The Humane Society of the United States assists federal authorities in rescuing dogs from an alleged dogfighting operation throughout multiple properties in South Carolina. (Photo courtesy of Meredith Lee/The HSUS)
More than 300 dogs were rescued from several Midlands counties on Monday and potentially could be held by law enforcement and shelters for years.
South Carolina’s process for handling abused animals is a unique one compared to many surrounding states.
The state doesn’t have an effectively of paying for seized animals, said Janelle Gregory, the S.C. state director of the U.S. Humane Society.
“It’s very difficult for law enforcement to work cases where they have to take in animals, when their local shelters that are responsible for managing the animals in their jurisdiction are completely full,” Gregory said.
What are called Cost of Animal Care laws help agencies such as the Humane Society defer the cost of taking in rescued animals. In many states with these laws, hearings are held to determine how the seized animals will be cared for, according to the American Society for the Prevention of Cruelty to Animals.
Such laws might require owners whose animals were seized based on evidence of animal cruelty to pay fees for the animal’s care or relinquish the animal to be put up for adoption in a shelter, Gregory said.
The cost of an animal rescue mission can be extensive in South Carolina.
“If we were to do this operation without federal partners, the animals that were obtained — lawfully seized — in this operation would have to go to our local shelters,” Gregory said. “(The animals would) be maintained in our local sheltering systems throughout the prosecution process, which could take years.”
If South Carolina had effective Cost of Animal Care laws, law enforcement would be able to manage animal cruelty cases more effectively, Gregory said.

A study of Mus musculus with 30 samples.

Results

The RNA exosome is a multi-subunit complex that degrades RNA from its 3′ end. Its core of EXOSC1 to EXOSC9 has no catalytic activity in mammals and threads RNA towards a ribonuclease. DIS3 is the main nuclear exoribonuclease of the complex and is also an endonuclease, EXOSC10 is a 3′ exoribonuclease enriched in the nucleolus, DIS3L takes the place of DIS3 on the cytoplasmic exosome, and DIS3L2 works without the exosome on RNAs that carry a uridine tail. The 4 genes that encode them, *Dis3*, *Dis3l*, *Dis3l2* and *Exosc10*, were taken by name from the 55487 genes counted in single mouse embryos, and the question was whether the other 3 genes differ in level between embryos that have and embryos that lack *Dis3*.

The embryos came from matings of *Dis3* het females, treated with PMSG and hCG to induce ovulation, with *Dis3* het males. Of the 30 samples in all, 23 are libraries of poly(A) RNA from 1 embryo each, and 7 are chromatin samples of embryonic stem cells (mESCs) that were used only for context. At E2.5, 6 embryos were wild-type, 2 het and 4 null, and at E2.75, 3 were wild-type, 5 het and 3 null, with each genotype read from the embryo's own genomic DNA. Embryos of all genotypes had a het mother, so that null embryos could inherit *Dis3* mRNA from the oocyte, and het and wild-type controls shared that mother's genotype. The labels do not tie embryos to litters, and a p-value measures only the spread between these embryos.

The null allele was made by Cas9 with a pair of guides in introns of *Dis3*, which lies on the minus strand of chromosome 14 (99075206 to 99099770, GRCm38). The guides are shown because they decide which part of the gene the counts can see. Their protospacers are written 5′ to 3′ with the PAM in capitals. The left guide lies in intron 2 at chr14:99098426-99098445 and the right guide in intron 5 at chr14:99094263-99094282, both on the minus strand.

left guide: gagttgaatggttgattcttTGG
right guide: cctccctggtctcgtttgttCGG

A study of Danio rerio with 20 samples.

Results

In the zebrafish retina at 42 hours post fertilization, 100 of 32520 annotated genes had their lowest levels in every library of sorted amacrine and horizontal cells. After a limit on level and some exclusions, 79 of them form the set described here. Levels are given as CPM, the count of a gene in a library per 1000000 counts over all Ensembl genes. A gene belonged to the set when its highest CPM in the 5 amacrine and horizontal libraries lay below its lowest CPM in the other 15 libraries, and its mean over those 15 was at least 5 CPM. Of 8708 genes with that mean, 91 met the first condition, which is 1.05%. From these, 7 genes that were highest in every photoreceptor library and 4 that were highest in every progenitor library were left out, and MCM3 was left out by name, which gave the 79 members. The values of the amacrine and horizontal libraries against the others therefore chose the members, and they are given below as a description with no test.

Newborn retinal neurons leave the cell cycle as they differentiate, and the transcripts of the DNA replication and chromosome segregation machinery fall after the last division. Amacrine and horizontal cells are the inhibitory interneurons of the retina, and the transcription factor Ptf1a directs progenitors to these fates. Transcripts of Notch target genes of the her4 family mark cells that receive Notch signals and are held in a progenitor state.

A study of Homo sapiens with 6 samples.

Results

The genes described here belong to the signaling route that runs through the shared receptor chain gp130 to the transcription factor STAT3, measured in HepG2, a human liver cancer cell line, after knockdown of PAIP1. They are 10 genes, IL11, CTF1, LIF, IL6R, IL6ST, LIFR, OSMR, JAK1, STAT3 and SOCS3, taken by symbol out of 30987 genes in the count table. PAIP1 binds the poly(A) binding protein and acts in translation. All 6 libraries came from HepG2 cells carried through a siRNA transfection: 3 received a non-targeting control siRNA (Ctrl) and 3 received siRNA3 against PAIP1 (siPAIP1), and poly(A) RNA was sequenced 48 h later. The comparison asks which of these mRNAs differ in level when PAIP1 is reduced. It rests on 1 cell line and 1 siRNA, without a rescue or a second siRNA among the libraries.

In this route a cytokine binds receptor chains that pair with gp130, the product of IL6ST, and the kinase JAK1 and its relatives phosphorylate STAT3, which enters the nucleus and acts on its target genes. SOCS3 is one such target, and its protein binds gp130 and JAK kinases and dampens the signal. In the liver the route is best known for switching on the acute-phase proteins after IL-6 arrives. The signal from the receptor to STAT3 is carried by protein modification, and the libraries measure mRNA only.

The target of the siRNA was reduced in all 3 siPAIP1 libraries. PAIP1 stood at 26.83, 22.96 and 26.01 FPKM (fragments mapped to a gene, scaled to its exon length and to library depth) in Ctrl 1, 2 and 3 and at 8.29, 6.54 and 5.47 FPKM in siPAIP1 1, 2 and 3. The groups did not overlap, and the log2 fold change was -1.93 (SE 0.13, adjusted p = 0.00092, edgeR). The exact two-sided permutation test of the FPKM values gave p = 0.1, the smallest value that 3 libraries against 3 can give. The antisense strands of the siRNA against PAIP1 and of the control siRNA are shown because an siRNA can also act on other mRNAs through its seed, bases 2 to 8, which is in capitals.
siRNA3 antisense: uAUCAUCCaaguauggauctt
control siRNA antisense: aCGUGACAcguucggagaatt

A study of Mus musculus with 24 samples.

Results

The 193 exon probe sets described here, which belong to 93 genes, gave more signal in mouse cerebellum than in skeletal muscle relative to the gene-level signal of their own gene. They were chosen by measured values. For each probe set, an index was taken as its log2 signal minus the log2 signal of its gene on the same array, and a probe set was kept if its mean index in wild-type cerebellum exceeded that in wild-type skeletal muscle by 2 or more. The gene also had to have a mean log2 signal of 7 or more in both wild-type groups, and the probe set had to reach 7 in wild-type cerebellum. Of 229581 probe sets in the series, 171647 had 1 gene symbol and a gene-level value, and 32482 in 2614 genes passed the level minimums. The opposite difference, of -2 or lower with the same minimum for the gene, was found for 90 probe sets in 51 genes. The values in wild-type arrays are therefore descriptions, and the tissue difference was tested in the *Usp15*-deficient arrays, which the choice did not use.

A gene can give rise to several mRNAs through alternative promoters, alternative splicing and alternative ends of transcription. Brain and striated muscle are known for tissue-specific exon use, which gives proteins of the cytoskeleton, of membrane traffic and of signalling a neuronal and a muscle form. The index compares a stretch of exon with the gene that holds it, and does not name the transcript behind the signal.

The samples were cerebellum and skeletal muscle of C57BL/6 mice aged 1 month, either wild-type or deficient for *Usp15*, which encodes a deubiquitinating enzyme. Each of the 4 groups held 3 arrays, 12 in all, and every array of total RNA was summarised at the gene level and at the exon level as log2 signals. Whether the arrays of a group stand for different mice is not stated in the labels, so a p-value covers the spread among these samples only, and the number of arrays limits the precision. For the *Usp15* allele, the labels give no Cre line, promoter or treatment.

Gregory says the Humane Society is working to get sponsors for legislation to ensure that rescued animals can be cared for properly by law enforcement.
The Humane Society and Bark Nation, a national non-profit, are helping to care for the animals rescued Monday. The dogs have been transported to a safe location, Gregory said.
“The very first thing that we’re doing is providing veterinarian care and giving them that kind of space to be properly cared for,” Gregory said. “They’re kind of in a recovery right now, and they’re not available for adoption or anything else like that because the court process is still pending.”
Janette Reever, a Humane Society senior specialist, said the No. 1 goal in these operations is to rehabilitate the animals.
“It’s important to understand that these dogs are victims of heinous crimes and can suffer PTSD just like a human does,” Reever said.
While the dogs may not be adoptable for years, the vast majority of rescued animals go on to lead happy lives.
“A lot of the time, these dogs can be placed in a multi-dog home after they’re spayed, neutered and evaluated,” Reever said. “So we work with placement partners … and then work with the owners after they adopt to make sure that it’s a lifetime home that they’re going into.”